THE PIMP, of late, has waned in our collective cultural psyche.

Remember the '90s? The early aughts? Pimps were all over the place back then—baroquely adorning rap lyrics and showing up, unfailingly, in cheap purple velour at your Halloween party.

The depictions were cartoonish and jovial, always glossing over the brutality and despicable psychological warfare involved in actual pimping in favor of some perceived cool. We are better for having largely cast aside the preoccupation.

The new documentary Iceberg Slim: Portrait of a Pimp is out to bring it back. Slickly produced and jam-packed with celebrity interviews, the film recounts the life of Robert Beck, who navigated poverty, prison, and drug addiction to become a popular author and perhaps the best-known pimp in American history.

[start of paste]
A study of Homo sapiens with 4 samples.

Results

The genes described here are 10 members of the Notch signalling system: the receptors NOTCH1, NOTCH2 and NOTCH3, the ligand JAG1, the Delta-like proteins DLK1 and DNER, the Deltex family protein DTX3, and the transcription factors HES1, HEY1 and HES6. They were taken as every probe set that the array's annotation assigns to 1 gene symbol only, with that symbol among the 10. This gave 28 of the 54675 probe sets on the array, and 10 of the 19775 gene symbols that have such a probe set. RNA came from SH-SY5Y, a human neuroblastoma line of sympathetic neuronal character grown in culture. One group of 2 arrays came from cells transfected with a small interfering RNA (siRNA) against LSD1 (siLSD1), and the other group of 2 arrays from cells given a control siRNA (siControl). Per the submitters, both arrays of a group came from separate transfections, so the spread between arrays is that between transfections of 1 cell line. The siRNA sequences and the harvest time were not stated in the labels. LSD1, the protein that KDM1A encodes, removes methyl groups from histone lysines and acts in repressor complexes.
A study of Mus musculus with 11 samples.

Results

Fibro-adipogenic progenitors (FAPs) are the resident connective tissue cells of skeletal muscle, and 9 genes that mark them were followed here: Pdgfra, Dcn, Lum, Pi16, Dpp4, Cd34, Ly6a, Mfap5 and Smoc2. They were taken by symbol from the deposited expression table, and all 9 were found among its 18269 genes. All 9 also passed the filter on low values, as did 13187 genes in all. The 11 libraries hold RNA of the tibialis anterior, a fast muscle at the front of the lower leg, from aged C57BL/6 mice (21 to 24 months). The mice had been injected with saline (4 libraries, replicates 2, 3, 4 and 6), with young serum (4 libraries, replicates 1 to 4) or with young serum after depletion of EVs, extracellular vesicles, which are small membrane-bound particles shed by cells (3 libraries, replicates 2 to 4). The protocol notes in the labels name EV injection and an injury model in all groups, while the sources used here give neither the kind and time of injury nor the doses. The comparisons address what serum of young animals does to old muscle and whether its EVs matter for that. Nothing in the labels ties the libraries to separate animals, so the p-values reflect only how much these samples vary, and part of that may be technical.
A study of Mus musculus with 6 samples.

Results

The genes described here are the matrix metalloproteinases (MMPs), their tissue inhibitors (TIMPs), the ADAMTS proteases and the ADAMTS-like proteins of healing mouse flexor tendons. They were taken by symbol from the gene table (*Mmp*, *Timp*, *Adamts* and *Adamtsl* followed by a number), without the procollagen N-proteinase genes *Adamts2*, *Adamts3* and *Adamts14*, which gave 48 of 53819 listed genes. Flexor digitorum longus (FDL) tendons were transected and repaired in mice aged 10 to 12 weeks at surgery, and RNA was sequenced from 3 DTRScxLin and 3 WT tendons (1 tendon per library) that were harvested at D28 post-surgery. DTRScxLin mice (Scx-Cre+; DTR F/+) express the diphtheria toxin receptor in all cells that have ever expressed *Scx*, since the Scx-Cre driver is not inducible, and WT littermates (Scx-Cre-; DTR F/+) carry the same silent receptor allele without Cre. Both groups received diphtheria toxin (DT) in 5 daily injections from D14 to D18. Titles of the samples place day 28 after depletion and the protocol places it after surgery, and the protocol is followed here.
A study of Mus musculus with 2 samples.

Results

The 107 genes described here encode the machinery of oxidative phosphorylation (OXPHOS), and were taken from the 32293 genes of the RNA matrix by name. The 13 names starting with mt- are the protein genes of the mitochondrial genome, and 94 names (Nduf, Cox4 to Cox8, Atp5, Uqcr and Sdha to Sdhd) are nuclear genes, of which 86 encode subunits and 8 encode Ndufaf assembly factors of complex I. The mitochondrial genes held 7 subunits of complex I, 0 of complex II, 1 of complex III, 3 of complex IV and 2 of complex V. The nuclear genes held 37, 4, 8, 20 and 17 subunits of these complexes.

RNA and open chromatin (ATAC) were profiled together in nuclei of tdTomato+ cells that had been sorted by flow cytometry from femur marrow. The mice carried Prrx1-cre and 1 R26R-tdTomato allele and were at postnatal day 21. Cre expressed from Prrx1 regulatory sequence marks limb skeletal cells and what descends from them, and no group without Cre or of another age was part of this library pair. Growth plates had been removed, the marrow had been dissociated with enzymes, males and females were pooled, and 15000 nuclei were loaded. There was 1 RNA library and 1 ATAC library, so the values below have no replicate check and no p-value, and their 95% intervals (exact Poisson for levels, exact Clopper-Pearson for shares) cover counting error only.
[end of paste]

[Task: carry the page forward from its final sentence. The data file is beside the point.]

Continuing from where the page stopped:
It's a passable narrative, satisfyingly distinct from the rags-to-riches tales that saturate the culture (Beck never became distinctly wealthy). But, as much as the film's producer (Ice-T) and others interviewed for the film would like him to be, Iceberg Slim is not a sympathetic protagonist.

Beck grew up in Chicago, where he was "street poisoned" by the pimps and prostitutes who frequented his mother's beauty shop. He took up drugs and petty crime, and during a prison stint learned the finer points of pimping, which he pursued upon release. When referring to his exploits as a "procurer," the film often makes smirking reference to the women he tricked into prostitution, with only scant nods to the ugly reality of those acts.

Beck's redemption—and fame—came as Iceberg Slim, his pen name in novels and poetry based on his life experience. They are popular, brutal books, unwilling to unduly polish the facts of Slim's tarnished existence. The filmmakers might have followed his example.